The current Israeli assault on Hezbollah in Lebanon and Hamas in the Gaza Strip is a major collision. What should be the American position?
Our president argues since both Hezbollah and Hamas can be classified as terrorist organizations, Israel is fighting terrorism, and there should be no difference in the U.S. and Israeli position. He adds the only basis for ending the shooting is a comprehensive settlement of all of Israel’s border problems. First, let’s leave aside any questions of just how difficult it may be to solve problems that are more than 60 years old.
Instead let’s examine the question from the viewpoint of the interests involved. We begin by recalling that no two nations have exactly the same interests. Israel is an American ally, and we have a vested interest in its survival but on any specific issue we may find that our two nations’ views and needs diverge. On the current problem, our interests are widely divergent.
Israel finds attacks on her border to be intolerable, demands a permanent solution and is willing to go to war to get one. For the United States, these attacks are simply one more source of confusion and difficulty in a region filled with problems.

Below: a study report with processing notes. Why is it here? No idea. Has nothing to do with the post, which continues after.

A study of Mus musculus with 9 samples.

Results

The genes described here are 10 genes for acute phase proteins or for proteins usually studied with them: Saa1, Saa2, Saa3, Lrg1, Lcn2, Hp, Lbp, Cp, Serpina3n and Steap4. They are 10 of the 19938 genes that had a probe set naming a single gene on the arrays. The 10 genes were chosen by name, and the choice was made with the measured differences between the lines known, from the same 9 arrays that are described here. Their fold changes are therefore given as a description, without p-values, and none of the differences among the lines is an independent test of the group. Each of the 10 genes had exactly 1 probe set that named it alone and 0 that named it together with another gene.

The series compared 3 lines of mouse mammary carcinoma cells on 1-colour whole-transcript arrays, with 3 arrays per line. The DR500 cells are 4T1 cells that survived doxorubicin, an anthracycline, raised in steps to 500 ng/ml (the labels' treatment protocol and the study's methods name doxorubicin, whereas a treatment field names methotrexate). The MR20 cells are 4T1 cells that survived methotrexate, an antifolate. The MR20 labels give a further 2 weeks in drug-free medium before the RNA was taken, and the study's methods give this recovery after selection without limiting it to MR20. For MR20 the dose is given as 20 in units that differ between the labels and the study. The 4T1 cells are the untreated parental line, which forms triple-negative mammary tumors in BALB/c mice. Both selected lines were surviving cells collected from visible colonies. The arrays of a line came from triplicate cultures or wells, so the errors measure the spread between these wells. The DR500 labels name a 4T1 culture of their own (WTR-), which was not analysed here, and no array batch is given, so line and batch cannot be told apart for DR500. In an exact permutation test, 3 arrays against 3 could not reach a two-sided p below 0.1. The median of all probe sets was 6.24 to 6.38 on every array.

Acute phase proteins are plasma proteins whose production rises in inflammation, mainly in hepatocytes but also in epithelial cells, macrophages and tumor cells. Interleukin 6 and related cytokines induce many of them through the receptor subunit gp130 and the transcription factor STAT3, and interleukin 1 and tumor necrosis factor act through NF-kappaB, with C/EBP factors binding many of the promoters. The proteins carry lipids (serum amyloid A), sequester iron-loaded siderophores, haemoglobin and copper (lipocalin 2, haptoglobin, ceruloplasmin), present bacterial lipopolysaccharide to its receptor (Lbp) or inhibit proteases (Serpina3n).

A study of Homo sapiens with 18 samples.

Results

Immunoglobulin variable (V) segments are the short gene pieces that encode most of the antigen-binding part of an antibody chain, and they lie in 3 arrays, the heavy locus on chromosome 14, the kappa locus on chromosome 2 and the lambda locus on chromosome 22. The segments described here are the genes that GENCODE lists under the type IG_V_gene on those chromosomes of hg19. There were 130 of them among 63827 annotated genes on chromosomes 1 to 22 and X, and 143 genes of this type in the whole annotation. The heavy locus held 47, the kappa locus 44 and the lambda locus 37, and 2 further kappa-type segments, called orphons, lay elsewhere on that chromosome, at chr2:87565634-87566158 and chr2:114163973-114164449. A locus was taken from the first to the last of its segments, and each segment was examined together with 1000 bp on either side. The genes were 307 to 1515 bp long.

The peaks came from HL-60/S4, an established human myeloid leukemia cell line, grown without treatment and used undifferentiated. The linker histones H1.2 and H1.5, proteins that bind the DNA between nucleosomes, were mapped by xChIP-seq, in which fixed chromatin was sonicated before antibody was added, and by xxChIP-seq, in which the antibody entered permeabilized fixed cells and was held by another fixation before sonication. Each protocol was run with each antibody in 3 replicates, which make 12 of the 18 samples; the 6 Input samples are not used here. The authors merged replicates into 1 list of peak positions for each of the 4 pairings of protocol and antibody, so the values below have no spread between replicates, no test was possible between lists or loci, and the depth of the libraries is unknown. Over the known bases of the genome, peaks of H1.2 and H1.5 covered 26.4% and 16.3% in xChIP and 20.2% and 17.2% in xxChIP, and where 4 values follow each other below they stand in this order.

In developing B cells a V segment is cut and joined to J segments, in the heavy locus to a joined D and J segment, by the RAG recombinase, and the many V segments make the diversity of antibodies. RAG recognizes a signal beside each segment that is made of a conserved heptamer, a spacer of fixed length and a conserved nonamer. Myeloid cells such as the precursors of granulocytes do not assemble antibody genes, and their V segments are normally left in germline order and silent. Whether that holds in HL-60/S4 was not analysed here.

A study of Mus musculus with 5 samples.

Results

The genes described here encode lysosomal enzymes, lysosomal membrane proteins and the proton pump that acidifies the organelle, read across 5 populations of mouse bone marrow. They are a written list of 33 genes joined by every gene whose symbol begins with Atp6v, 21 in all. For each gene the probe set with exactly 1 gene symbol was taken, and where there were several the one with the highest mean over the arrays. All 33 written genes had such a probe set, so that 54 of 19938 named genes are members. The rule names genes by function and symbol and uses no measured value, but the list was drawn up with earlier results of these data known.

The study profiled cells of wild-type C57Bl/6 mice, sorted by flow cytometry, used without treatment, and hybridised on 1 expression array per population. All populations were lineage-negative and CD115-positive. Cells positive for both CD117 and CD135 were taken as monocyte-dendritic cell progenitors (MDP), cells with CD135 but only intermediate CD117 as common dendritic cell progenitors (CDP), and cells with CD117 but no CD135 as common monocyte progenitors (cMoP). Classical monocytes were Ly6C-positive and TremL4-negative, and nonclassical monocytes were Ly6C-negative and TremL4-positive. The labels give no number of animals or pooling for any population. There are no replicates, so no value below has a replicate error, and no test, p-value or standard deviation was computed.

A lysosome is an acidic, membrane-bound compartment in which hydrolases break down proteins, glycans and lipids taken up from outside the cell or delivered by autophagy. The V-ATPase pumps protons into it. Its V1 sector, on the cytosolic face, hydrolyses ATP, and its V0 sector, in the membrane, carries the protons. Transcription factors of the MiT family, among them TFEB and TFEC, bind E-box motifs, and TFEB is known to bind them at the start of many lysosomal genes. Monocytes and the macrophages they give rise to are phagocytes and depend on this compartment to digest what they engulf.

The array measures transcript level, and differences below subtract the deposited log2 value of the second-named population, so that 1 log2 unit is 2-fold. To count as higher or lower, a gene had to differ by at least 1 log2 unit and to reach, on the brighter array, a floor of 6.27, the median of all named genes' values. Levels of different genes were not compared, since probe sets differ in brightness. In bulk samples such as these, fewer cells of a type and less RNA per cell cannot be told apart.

From our viewpoint, the Israeli response raises a difficult issue to the level of major crisis that threatens to further disrupt U.S. efforts in the Middle East, specifically the wars in Iraq and Afghanistan, our efforts to stop Iran from developing nuclear weapons, our desire to put together a united front with moderate Arab states like Jordan, our war against Al Qaeda and, finally, efforts to control Syria.
All of these undertakings are made more complicated and difficult by the Israeli attacks no matter how justified Israel feels they are. The Israelis have calculated they will benefit from pushing the border dispute to the front burner and have gained full U.S. support. The United States, however, needs any reduction in tension in the region. Thus our interests diverge.
What would be of most value to U.S. is for us to broker an immediate ceasefire using the leverage we have as Israel’s major ally. We would then need to be fully involved but separate from Israel in the search for a permanent solution.
It could also be argued that in the long run this is a policy that will benefit Israel since it now appears the Israeli military cannot deliver full victory nor can that nation’s reputation stand anymore attacks on U.N. observers or the bombings of refugee centers sheltering women and children. A U.N. official has already observed there is something fundamentally wrong about a war in which more children are killed than soldiers.